For the Birds Radio Program: Serendipity Owl

Original Air Date: Jan. 11, 2008 Rerun Dates: Dec. 22, 2015; Jan. 2, 2015; Jan. 16, 2014; Feb. 25, 2013; Dec. 27, 2012; Feb. 1, 2012; Jan. 7, 2011; Jan. 22, 2010

Sometimes when a situation isn’t working out well, a magical moment with a bird makes it all okay.

Duration: 3′52″


Did you ever find yourself in a situation you thought was terribly inconvenient and unpleasant, only to discover that it held unexpected and extremely pleasant side benefits that more than made up for the problems?

That’s what happened to me this week. I just moved into an apartment in Ithaca, New York, and to my dismay discovered that my cell phone, the only phone I have, works very poorly inside the apartment. I tried it at every window, and even tried the trick my landlord suggested—while they were building the place, her son had found a sweet spot in the closet under the stairs. But even when I got into my best Harry Potter mindset and hunkered down into the little closet, I still had trouble picking up a signal. And the phone didn’t work on the front porch, either.

Then in frustration, I went out onto the upstairs balcony and voila—the phone worked perfectly. Of course, this being the dead of winter, it was pretty cold up there, and I had to wear boots because I hadn’t shoveled the balcony, but at least I got a signal. I was talking to my husband, saying this was one of the terrible problems with moving into a place without checking out all the issues ahead of time, when suddenly a soft hooting reached my ears. A Great Horned Owl! The reason my apartment gets such poor reception is that it’s in an area of Ithaca called “Ellis Hollow.” The view is spectacular, with large hills and valleys all around and a river running right through the center. I was attracted to the place by the gorgeous view and natural setting, and apparently something about it also drew this owl.

This being January, Great Horned Owls are starting to hoot in earnest. They start nesting in the upper Midwest and northeastern states in late January or early February while winter is typically at its most severe. Their eggs are no less fragile than those of other birds, but the female, significantly larger than the male, provides a veritable hothouse under her thick insulating feathers. The eggs stay about 98 or 99 degrees Fahrenheit even when the air temperature is over 125 degrees colder. The female keeps her extremely warm brood patch tightly pressed against them virtually every moment on the coldest days, depending on her mate’s hunting prowess to provide her with all the calories she needs to maintain her body heat, but one brood of eggs did survive when a female left them alone for 20 minutes while the air temperature was 13 below.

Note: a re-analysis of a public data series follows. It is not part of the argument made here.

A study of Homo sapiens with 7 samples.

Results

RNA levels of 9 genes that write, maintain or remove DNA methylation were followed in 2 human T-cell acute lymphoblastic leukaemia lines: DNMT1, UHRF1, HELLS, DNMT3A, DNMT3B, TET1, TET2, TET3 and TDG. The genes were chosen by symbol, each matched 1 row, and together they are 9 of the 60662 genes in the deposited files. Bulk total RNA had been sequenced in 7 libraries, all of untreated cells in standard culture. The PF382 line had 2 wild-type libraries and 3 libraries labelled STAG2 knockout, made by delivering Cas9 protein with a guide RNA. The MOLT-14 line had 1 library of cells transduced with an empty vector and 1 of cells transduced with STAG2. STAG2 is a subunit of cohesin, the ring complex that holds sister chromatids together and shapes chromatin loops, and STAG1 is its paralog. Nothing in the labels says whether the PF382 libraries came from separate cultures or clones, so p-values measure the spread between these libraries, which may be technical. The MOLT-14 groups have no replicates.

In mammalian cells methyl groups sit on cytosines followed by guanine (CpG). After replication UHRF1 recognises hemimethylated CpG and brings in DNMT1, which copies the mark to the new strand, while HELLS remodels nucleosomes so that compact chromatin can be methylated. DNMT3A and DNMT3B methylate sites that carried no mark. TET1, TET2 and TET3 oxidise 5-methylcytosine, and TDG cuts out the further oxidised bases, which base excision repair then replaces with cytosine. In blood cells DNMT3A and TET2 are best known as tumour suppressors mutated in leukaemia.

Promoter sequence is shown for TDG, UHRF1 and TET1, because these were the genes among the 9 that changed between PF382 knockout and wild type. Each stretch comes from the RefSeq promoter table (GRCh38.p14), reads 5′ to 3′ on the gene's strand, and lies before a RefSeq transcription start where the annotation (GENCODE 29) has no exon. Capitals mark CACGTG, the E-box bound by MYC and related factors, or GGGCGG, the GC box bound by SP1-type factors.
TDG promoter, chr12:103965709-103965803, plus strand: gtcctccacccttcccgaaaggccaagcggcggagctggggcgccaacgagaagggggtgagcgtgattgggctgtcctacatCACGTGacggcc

Great Horned Owls most commonly produce two eggs but may lay as many as five. In freezing weather, each egg must be incubated from the start, so the first egg hatches a day or two before the second. The babies are naked at hatching, unable to regulate body temperature at all. Females brood virtually all the time for the first couple of weeks.

Even in midwinter, suddenly using my phone on the balcony doesn’t seem like a bad idea at all—I just hope my Ellis Hollow owl attracts a mate so while I’m chatting on the phone I can get a firsthand glimpse into their family life.